The education institutions in Dakshina Kannada were equal to all students with no distinction of identity until the Hijab row. Indian courts should therefore deny this attempt to introduce clothing-based racial identity and reverse this equality. 


Muslim intellectuals tell you that Hijab is a symbol of Muslim Identity, or that it stands for a woman’s Modesty or represents her Piety as a Believer. Across the world today, intellectuals and liberals see Hijabism in their community as a healthy proof of their own Inclusivity, Diversity and Tolerance. The right to wear a Hijab is seen as a fundamental freedom, particularly in societies that claim to be free or secular. On school walls in the West, you will now always find a banner of little tots of different races holding hands in a circle with one little girl in a hijab – a proud proclamation of diversity.

An argument in support of allowing Karnataka school girls the choice to wear the Hijab asks a fair question – Why not allow the Hijab in school if it does not adversely affect followers of other faiths? Here is an inconvenient possible answer – Hijab hurts the other communities as it has throughout our history of conquests and freedoms.

Islam as a religion is unique in that it defines itself in the context of other faiths. A binary exists for every Muslim through the first pillar of Islam – “There is no God but Allah”, which clearly differentiates between the brotherhood of Muslims who swear allegiance to Allah and the non-believers who don’t. Superiority over non-believers is attributed to religious texts and in the living domain through rituals. Examples of rituals are purity in Muslim foods through Halaal, Religiosity in a forehead callus (“Zabiba”) resulting from repeated prostration in prayer, personal sacrifice through rigorous fasting during Ramadan,  Devoutness and Virtuosity through sporting a distinguishing long beard, the predominant use of the Arabic script in which Allah’s words were revealed to mankind. With the Hijab, add Modesty and Piety to that list.

For the conservative Muslim eyes, a woman covering herself in black from head-to-toe Niqab or Burqa could be seen as superior – more pious than one covering her arms and torso in a Hijab or one just covering her head in a convenient scarf. Naturally, in the binary, any non-Muslim woman who has let her hair loose and is not similarly covering herself is seen as an inferior – impious, immodest, lust-seeking, ignorant being. The superior-inferior binary in faith is reinforced with a binary in attire. 

Secularists and Muslim intellectuals will defiantly deny such a binary exists or that it matters, especially towards the female gender. They may attribute such conservative attitudes to poverty or incorrect interpretation of religious texts or being misguided. 

The rest of us are divided. For one camp, Love Jihad, the abduction of Hindu women from streets in Pakistan, or the enslavement of Yezidi women by ISIS is evidence that Muslim men have a predatory attitude stemming from this superior-inferior equation of skin coverage. What matters is what the aggressor believes and acts on, not what we believe. 

For the liberal-intellectual types, Love Jihad is a phrase concocted by Hindutva forces to malign and marginalize the minority community. Indian Muslims are different, they claim and Hijab is a matter of choice.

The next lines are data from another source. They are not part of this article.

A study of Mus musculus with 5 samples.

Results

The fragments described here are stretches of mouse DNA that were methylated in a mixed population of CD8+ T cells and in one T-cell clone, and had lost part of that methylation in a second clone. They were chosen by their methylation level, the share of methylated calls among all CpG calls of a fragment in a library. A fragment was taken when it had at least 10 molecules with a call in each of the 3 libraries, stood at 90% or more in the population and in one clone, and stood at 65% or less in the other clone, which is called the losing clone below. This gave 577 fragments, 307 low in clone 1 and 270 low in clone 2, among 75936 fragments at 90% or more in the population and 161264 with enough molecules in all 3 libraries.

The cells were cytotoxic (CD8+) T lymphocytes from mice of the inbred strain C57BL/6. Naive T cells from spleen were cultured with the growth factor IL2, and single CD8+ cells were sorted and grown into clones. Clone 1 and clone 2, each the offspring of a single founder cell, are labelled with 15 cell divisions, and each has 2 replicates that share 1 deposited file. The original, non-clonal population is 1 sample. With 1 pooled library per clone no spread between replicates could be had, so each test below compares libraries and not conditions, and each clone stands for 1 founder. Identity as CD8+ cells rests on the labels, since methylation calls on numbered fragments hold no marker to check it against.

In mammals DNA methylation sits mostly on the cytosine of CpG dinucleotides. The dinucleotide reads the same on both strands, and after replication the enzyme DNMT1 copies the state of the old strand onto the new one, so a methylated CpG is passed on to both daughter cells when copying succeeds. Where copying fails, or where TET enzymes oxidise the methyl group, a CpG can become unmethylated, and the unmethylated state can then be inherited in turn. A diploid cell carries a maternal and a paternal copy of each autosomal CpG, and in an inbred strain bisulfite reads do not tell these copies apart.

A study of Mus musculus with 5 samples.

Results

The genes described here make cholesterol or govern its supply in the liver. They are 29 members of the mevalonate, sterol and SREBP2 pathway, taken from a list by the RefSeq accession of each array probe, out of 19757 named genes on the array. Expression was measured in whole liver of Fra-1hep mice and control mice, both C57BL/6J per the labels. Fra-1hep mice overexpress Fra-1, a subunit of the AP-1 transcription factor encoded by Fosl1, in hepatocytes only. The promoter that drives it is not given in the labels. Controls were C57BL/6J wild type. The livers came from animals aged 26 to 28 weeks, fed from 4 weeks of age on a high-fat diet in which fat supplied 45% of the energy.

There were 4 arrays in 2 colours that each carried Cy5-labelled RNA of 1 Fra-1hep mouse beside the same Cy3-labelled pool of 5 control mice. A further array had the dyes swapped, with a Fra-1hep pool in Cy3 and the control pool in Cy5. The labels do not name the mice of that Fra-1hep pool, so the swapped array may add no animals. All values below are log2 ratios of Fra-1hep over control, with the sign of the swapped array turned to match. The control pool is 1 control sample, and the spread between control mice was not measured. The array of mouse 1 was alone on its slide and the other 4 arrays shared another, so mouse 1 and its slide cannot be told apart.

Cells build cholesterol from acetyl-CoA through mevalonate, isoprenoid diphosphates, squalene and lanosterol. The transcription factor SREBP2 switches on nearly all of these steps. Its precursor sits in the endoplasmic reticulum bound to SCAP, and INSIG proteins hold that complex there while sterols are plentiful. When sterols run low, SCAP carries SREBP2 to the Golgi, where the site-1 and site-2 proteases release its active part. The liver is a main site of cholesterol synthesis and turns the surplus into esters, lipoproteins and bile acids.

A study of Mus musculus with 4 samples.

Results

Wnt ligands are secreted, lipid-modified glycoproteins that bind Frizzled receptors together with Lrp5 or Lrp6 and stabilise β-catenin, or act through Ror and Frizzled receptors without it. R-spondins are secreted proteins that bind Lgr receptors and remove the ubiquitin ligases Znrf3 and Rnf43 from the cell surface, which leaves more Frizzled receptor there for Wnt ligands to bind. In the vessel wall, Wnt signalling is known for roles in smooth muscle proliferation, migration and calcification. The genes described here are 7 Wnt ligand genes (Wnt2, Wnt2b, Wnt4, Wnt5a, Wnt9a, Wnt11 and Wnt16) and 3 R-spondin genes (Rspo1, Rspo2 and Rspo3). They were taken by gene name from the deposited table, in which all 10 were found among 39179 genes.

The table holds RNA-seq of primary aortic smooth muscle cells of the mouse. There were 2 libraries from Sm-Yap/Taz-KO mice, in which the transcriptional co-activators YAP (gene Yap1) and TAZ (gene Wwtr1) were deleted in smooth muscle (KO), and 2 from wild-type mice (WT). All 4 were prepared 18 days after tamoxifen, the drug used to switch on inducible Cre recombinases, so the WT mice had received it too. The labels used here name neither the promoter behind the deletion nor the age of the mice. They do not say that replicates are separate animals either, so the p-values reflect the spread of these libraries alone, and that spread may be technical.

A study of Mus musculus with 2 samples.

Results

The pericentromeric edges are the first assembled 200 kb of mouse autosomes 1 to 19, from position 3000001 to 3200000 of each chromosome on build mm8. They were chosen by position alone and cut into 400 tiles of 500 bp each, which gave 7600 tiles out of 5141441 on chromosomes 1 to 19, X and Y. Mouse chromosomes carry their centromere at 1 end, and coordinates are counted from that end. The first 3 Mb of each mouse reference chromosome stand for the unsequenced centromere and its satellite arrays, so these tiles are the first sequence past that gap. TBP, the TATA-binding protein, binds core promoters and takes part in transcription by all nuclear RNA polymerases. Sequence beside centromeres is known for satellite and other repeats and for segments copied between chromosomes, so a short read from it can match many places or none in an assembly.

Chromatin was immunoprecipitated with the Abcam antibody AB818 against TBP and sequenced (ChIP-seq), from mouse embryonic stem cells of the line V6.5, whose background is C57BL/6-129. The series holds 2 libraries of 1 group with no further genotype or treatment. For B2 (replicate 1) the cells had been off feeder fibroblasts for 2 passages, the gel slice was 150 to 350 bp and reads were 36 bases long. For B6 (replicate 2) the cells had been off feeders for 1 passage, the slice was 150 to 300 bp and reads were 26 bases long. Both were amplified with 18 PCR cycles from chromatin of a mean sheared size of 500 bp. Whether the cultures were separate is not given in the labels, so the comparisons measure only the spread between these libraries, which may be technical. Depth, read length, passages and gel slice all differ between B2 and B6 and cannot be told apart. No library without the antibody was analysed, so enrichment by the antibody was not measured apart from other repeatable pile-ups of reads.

That claim is also debatable. If Hijab is a symbol of modesty, would any girl dare to look immodest among her peers? Modesty is naturally tied to the honour of the family. There is family pressure and peer pressure to conform. Then there are difficult choices when a Muslim girl chooses to rebel, as seen among some princesses who have dared in the Arab world or the occasional loss of someone’s life if she falls in love with a Hindu boy.

Whether a link exists or not between the Hijab and the attitude of Muslims towards others, the impact of Hijabism on the homogeneity of a  free society is undeniable. Separateness through physical attire on a societal scale reinforces attitudes and hardens stereotyping on both sides. This then leads to the greater evil – self-segregation, where each side creates physical and artificial boundaries, which then further limits choices. You feel safer among your own and in the attire, your community will allow you to wear. Isolated communities breed radicalism and a youth dissonant from the mainstream. Hijab makes a woman “feel safe” or “protected” they say – from what exactly? 

In America, the “Separate but Equal” doctrine for White and African-origin communities did not work in life or in education as the American Civil Rights movement proves. In 1954, the American courts decided that “Separate but Equal is not equal” ending legal segregation. The colour of the skin is not a matter of choice. White skin, black, pale or brown – you are born with it. The hijab in that sense is a self-imposed racial identity, which enables Muslims to collectively see themselves and act like a superior race.  Do we have the courage to call out a medieval practice for its supremacist behaviour and belief?

The education institutions in Dakshina Kannada were equal to all students with no distinction of identity until the Hijab row. Indian courts should therefore deny this attempt to introduce clothing-based racial identity and reverse this equality. Just like “Separate but Equal” is not equal, “Equal but Separate” is also not Equal. Supreme Court must now decide whether the Right to Education for a few is more important than a Right to Coexist as equals for all.